From:   Tobias Waldekranz <>
To:     Vladimir Oltean <>
Subject: Re: [PATCH v3 net-next 2/4] net: dsa: Link aggregation support

On Thu, Dec 03, 2020 at 23:57, Vladimir Oltean <> wrote:
> On Thu, Dec 03, 2020 at 09:53:08PM +0100, Tobias Waldekranz wrote:
>> I am not sure which way is the correct one, but I do not think that it
>> necessarily _always_ correct to silently fallback to a non-offloaded
>> mode.
> Of course, neither is fully correct. There is always more to improve on
> the communication side of things. But DSA, which stands for "Not Just A
> Switch", promises you, above all, a port multiplexer with the ability to
> make full use of the network stack. Maybe I'm still under the influence
> of a recent customer meeting I had, but there is a large base of use
> cases there, where people just don't seem to have enough ports, and they
> can just add a $3 switch to their system, and voila, problem solved.
> Everything works absolutely the same as before. The newly added switch
> ports are completely integrated with the kernel's IP routing database.
> They aren't even switch ports, they're just ports.
> And even there, on the software fallback front, we don't do enough,
> currently. I've had other customers who said that they even _prefer_
> to do bridging in software, in order to get a chance to run their
> netfilter/ebtables based firewall on their traffic. Of course, DSA
> currently has no idea when netfilter rules are installed, so I just told
> them to hack the driver and remove the bridging offload, which they
> happily did.

Totally agree with your customer, we should be able to disable all
offloading for an individual port and run it in a plain "NIC mode". In
fact, that might be what opens up a third option for how LAG offloading
should be handled.

> I suspect you're looking at this from the wrong angle. I did, too, for
> the longest time, because I was focused on squeezing the most out of the
> hardware I had. And "I feel cheated because the operating system sits
> between me and the performance I want from my hardware" is an argument
> I've heard all too often. But not everybody needs even gigabits of
> traffic, or absurdly low latency. Making a product that works acceptably
> and at a low cost is better than hand-picking only hardware that can
> accelerate everything and spending $$$$ on it, for a performance
> improvement that no user will notice. Doing link aggregation in software
> is fine. Doing bridging in software is fine. Sure, the CPU can't compete
> past a number of KPPS, but maybe it doesn't even have to.

I really get the need for being able to apply some CPU-duct-tape to
solve that final corner case in a network. Or to use it as a cheap port

> Again, this doesn't mean that we should not report, somehow, what is
> offloaded and what isn't, and more importantly, the reason why
> offloading the set of required actions is not supported. And I do
> realize that I wrote a long rant about something that has nothing to do
> with the topic at hand, which is: should we deny bonding interfaces that
> use balance-rr, active-backup, broadcast, balance-tlb, balance-alb on
> top of a DSA interface? Hell no, you wouldn't expect an intel e1000 card
> to error out when you would set up a bonding interface that isn't xor or
> 802.3ad, would you? But you wouldn't go ahead and set up bridging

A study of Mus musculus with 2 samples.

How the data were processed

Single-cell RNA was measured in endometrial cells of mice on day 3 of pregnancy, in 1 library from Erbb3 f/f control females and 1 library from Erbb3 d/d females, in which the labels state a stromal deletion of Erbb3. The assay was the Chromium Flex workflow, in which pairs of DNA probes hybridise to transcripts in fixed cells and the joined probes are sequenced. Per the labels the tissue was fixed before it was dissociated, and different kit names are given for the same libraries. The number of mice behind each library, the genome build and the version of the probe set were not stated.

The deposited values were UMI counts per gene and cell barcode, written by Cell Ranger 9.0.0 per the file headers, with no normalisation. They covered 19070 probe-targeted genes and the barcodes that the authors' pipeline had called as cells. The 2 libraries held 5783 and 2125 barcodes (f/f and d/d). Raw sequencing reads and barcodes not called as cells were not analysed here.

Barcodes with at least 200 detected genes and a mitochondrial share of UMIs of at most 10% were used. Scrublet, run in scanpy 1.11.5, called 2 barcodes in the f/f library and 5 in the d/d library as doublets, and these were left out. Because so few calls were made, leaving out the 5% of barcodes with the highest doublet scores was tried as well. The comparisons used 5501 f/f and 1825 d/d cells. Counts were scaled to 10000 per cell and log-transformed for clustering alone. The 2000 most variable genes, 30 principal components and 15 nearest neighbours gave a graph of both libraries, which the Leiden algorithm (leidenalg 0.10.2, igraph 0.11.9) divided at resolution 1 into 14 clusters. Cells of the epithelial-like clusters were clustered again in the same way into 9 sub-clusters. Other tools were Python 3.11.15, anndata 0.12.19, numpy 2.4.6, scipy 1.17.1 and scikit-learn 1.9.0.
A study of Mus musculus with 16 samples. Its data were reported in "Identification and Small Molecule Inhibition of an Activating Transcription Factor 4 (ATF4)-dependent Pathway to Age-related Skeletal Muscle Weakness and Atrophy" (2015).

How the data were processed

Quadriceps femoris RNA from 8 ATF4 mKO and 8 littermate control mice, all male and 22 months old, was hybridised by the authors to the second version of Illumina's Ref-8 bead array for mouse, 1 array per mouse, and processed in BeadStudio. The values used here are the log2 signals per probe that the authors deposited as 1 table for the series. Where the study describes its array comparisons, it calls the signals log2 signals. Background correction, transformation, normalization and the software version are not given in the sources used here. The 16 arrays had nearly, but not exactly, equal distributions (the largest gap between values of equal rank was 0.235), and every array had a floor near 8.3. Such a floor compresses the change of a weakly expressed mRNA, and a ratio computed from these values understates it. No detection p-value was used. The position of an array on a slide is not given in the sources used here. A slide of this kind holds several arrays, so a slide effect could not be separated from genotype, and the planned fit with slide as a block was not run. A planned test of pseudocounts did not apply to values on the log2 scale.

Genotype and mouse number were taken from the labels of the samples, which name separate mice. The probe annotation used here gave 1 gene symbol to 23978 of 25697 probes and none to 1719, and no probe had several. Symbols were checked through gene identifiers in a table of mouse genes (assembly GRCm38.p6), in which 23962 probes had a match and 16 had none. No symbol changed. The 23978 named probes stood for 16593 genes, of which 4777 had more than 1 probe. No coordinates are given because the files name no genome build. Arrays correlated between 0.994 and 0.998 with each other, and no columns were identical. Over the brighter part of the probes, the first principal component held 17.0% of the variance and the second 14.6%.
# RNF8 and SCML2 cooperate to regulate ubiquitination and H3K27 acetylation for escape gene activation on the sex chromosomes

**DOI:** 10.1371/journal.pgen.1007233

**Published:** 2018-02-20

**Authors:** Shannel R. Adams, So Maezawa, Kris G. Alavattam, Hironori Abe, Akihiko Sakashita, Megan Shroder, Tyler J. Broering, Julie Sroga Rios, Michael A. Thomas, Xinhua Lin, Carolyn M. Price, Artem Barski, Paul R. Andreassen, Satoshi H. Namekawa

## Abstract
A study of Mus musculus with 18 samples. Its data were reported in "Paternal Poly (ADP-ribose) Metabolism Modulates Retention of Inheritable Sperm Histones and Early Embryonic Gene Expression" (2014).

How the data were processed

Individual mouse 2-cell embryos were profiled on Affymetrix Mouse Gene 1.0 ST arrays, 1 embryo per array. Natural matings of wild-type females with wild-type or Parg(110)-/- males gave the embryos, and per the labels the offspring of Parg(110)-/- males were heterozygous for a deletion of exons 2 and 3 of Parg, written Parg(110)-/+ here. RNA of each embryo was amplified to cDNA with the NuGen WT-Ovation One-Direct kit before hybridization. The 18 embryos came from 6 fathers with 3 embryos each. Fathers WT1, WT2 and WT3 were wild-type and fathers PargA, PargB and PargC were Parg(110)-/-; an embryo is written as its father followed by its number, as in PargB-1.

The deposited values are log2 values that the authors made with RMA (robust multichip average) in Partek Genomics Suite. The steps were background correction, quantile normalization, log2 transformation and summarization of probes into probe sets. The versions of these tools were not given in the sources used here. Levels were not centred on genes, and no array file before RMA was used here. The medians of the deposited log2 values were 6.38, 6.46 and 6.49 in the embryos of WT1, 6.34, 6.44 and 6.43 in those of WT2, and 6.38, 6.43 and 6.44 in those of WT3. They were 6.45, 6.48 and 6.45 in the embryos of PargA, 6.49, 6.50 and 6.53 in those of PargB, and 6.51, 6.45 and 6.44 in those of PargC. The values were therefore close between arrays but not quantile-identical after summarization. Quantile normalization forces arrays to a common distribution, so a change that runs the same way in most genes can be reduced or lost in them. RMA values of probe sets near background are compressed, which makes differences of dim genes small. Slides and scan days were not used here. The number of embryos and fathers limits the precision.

> offload either, therefore running into the problem I raised above with
> netfilter rules. You would just set out to do what the user asked for,
> in the way that you can, and let them decide if the performance is what
> they need or not.

You make a lot of good points. I think it might be better to force the
user to be explicit about their choice though. Imagine something like

- We add NETIF_F_SWITCHDEV_OFFLOAD, which is set on switchdev ports by
  default. This flag is only allowed to be toggled when the port has no
  uppers - we do not want to deal with a port in a LAG in a bridge all
  of a sudden changing mode.

- If it is set, we only allow uppers/tc-rules/etc that we can
  offload. If the user tries to configure something outside of that, we
  can suggest disabling offloading in the error we emit.

- If it is not set, we just sit back and let the kernel do its thing.

This would work well both for exotic LAG modes and for advanced
netfilter(ebtables)/tc setups I think. Example session:

$ ip link add dev bond0 type bond mode balance-rr
$ ip link set dev swp0 master bond0
Error: swp0: balance-rr not supported when using switchdev offloading
$ ethtool -K swp0 switchdev off
$ ip link set dev swp0 master bond0
$ echo $?

>> > Should we add an array of supported TX types that the switch port can
>> > offload, and that should be checked by DSA in dsa_lag_offloading?
>> That would work. We could also create a new DSA op that we would call
>> for each chip from PRECHANGEUPPER to verify that it is supported. One
>> advantage with this approach is that we can just pass along the `struct
>> netdev_lag_upper_info` so drivers always have access to all information,
>> in the event that new fields are added to it for example.
> Hmm, not super pleased to have yet another function pointer, but I don't
> have any other idea, so I guess that works just fine.

Yeah I do not like it either, maybe it is just the least bad thing.

> I would even go out on a limb and say hardcode the TX_TYPE_HASH in DSA
> for now. I would be completely surprised to see hardware that can
> offload anything else in the near future.

If you tilt your head a little, I think active backup is really just a
trivial case of a hashed LAG wherein only a single member is ever
active. I.e. all buckets are always allocated to one port (effectivly
negating the hashing). The active member is controlled by software, so I
think we should be able to support that.

mv88e6xxx could also theoretically be made to support broadcast. You can
enable any given bucket on multiple ports, but that seems silly.